Also called Nicotinamide (NAM), Niacinamide is a form of vitamin B3 found in food and used as a dietary supplement and medication. As a supplement, it is used by mouth to prevent and treat pellagra (niacin deficiency). While nicotinic acid (niacin) may be used for this purpose, nicotinamide has the benefit of not causing skin flushing. Niacinamide and Niacin (nicotinic acid) both provide vitamin B3 activity, but they differ in chemical structure and how they affect your health. Niacinamide can also be made by our body from the amino acid tryptophan.
Niacinamide was discovered between 1935 and 1937. It is on the World Health Organization’s List of Essential Medicines. As a result, in a number of countries grains have niacinamide added to them.
- 500mg of Niacinamide
- Vegetarian Tablet
Contains No: sugar, salt dairy, yeast, wheat, gluten, corn, soy, preservatives, artificial colors or flavors
- Niacinamide does not have the effect of skin flushing, and that is why it is preferred over niacin in the treatment of pellagra (mentioned above as a condition that results due to lack of vitamin B3).†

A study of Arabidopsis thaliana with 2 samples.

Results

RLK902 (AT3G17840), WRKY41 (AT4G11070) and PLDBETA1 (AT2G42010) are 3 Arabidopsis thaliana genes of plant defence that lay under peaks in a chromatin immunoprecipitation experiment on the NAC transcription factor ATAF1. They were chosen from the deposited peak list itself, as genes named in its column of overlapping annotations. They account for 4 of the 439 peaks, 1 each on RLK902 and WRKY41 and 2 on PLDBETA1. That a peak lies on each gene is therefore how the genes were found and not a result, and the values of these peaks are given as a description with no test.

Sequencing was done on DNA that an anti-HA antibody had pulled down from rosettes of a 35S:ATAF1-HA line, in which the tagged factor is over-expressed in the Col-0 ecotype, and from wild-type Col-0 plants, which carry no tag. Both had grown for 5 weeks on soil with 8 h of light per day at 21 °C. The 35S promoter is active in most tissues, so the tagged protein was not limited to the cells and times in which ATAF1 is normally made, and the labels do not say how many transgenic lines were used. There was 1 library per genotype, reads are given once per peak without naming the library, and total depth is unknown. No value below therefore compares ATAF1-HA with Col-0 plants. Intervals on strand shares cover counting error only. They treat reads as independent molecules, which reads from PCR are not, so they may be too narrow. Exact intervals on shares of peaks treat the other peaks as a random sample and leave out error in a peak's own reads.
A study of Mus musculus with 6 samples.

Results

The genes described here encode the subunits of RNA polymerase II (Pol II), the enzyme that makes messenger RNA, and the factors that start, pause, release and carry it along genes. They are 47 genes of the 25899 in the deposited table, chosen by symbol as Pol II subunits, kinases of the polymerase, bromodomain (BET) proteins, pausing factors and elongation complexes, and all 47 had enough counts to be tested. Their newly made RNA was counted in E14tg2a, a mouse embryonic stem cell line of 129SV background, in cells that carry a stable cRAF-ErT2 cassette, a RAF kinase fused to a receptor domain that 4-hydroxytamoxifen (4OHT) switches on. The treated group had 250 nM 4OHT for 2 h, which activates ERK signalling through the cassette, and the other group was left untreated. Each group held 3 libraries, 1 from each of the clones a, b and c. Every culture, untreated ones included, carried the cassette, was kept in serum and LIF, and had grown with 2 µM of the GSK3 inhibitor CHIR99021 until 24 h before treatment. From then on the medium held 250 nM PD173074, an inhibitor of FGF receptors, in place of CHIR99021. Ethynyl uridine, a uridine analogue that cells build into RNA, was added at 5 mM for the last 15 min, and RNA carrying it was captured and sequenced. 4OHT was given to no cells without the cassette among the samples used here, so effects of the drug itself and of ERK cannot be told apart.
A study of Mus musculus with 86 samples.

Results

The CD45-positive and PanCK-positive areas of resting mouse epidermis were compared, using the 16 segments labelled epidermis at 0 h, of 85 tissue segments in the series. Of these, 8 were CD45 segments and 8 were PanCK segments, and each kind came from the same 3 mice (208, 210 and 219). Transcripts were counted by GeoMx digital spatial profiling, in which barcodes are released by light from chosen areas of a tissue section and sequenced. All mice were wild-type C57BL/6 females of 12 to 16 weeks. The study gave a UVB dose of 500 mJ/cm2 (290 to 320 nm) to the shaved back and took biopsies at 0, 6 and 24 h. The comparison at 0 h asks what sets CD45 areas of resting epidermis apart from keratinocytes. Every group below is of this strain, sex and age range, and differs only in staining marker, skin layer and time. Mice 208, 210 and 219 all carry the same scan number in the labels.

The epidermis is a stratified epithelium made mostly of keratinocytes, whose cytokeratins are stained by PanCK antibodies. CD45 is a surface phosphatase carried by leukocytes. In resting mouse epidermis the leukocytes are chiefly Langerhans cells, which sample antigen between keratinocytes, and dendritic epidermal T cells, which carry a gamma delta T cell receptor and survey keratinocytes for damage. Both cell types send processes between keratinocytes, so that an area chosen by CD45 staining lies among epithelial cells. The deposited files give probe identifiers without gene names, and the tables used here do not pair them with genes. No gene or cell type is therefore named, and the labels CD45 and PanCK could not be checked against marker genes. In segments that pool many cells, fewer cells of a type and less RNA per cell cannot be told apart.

- Some niacinamide is converted to a compound called NAD. NAD is an important part of our energy making cycle, AKA the Krebs cycle. It’s also important because it is the “de-enabler” molecule that helps prevent a certain DNA-based aging mechanism.†
- Taking niacinamide may help prevent new skin cancer or precancerous spots (actinic keratosis) from forming in people with a history of skin cancer or actinic keratosis.† “Nicotinamide for photo protection and skin cancer chemoprevention: A review of efficacy and safety” Victoria A. Snaidr Diona L. Damian Gary M. Hallida, 30 January 2019.